The Earth is hot, and getting hotter


The Earth is hot, and getting hotter

Both teams said that temperatures would have been higher if it had not been for the ‘La Nina’ weather pattern that managed to cool some regions. They were equally certain that carbon dioxide had been the principal driver of the rise over the past 50 years.

The National Oceanic and Atmospheric Administration (NOAA) said that their analysis of temperature data from a global network of weather stations indicated that the average temperature for 2012 was 0.57C above the 20th Century average. The agency stated that all 12 years of the 21st Century rank among the 14 warmest in the 133-year period since records began.

The average temperature in 2012 was around 58.3 degrees Fahrenheit (14.6 Celsius), which is 1.0 F (0.6 C) warmer than the mid-20th century baseline. The average global temperature has risen about 1.4 degrees F (0.8 C) since 1880, according to the new analysis.

Scientists emphasize that weather patterns will always cause fluctuations in average temperature from year to year, but the continued increase in greenhouse gas levels in the Earth’s atmosphere assures a long-term rise in global temperatures. Each successive year will not necessarily be warmer than the year before, but on the current course of greenhouse gas increases, scientists expect each successive decade to be warmer than the previous decade.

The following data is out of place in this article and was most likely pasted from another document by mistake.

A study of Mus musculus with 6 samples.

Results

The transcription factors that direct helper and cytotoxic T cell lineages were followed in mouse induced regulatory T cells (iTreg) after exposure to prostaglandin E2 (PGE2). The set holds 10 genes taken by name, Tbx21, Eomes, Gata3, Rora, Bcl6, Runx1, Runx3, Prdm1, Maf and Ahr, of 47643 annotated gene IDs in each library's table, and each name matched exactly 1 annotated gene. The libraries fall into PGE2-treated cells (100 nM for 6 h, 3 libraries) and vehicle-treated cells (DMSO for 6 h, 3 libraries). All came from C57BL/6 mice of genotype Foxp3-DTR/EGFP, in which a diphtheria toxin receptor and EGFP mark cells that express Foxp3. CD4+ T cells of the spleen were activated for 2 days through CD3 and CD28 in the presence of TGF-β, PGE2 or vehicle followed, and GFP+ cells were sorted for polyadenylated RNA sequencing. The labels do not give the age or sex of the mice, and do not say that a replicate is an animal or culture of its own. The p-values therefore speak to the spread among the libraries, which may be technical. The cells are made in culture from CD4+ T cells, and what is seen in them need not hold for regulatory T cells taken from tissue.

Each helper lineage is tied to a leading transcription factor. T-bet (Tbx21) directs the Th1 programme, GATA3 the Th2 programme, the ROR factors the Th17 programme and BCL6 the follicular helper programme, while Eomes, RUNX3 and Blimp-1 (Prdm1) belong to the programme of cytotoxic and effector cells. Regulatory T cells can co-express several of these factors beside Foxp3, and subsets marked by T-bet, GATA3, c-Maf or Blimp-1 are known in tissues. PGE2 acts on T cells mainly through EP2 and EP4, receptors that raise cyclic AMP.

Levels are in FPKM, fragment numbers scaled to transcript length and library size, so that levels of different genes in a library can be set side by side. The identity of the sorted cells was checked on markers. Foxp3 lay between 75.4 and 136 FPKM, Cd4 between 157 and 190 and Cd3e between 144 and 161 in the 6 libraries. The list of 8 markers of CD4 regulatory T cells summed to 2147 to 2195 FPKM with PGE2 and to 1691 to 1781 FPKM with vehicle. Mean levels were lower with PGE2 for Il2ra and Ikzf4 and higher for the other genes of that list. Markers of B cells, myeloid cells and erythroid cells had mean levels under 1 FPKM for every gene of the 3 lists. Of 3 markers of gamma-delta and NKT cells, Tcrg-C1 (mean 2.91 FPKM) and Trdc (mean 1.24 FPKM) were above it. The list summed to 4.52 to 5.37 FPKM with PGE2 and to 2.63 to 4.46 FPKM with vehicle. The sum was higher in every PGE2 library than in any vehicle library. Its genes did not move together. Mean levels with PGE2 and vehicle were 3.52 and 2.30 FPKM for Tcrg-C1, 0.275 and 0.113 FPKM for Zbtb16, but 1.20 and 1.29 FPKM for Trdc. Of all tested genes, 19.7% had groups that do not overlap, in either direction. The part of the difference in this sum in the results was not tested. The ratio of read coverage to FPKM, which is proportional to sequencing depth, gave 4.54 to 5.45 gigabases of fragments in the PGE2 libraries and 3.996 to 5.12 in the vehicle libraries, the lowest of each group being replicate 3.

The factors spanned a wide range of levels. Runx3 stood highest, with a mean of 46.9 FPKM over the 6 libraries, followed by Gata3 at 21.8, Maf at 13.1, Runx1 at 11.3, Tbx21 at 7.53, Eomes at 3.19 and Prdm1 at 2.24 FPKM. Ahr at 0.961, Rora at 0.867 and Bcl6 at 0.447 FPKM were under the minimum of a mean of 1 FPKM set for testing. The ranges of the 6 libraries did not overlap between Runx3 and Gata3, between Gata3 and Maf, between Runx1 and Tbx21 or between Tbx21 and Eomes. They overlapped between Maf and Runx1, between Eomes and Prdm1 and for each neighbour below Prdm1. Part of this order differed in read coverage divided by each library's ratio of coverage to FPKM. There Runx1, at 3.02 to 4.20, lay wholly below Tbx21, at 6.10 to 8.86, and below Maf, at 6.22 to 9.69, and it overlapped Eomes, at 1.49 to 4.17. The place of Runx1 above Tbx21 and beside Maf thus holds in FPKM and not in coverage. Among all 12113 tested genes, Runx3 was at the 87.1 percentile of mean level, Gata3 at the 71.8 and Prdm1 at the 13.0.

“One more year of numbers isn’t in itself significant,” says Gavin Schmidt, a climatologist at NASA’s Goddard Institute for Space Studies (GISS). “What matters is this decade is warmer than the last decade, and that decade was warmer than the decade before. The planet is warming. The reason it’s warming is because we are pumping increasing amounts of carbon dioxide into the atmosphere.”

Carbon dioxide is a greenhouse gas that traps heat and largely controls the Earth’s climate. It occurs naturally and is also emitted by the burning of fossil fuels for energy. Driven by increasing man-made emissions, the level of carbon dioxide in Earth’s atmosphere has been rising consistently for decades.

The carbon dioxide level in the atmosphere was about 285 parts per million in 1880, the first year in the GISS temperature record. By 1960, the atmospheric carbon dioxide concentration, measured at NOAA’s Mauna Loa Observatory, was about 315 parts per million. Today, that measurement exceeds 390 parts per million.

Dr James Hansen of GIFF acknowledged that even in a period of global warming, some seasons will be cooler than the long term average.

“The perceptive person should notice that the frequency of unusually warm extremes is increasing. It is the extremes that have the most impact on people and other life on the planet,” he said.

According to both groups of researchers, most areas of the world had higher than average temperatures in 2012 while the Arctic experienced a record breaking ice melt.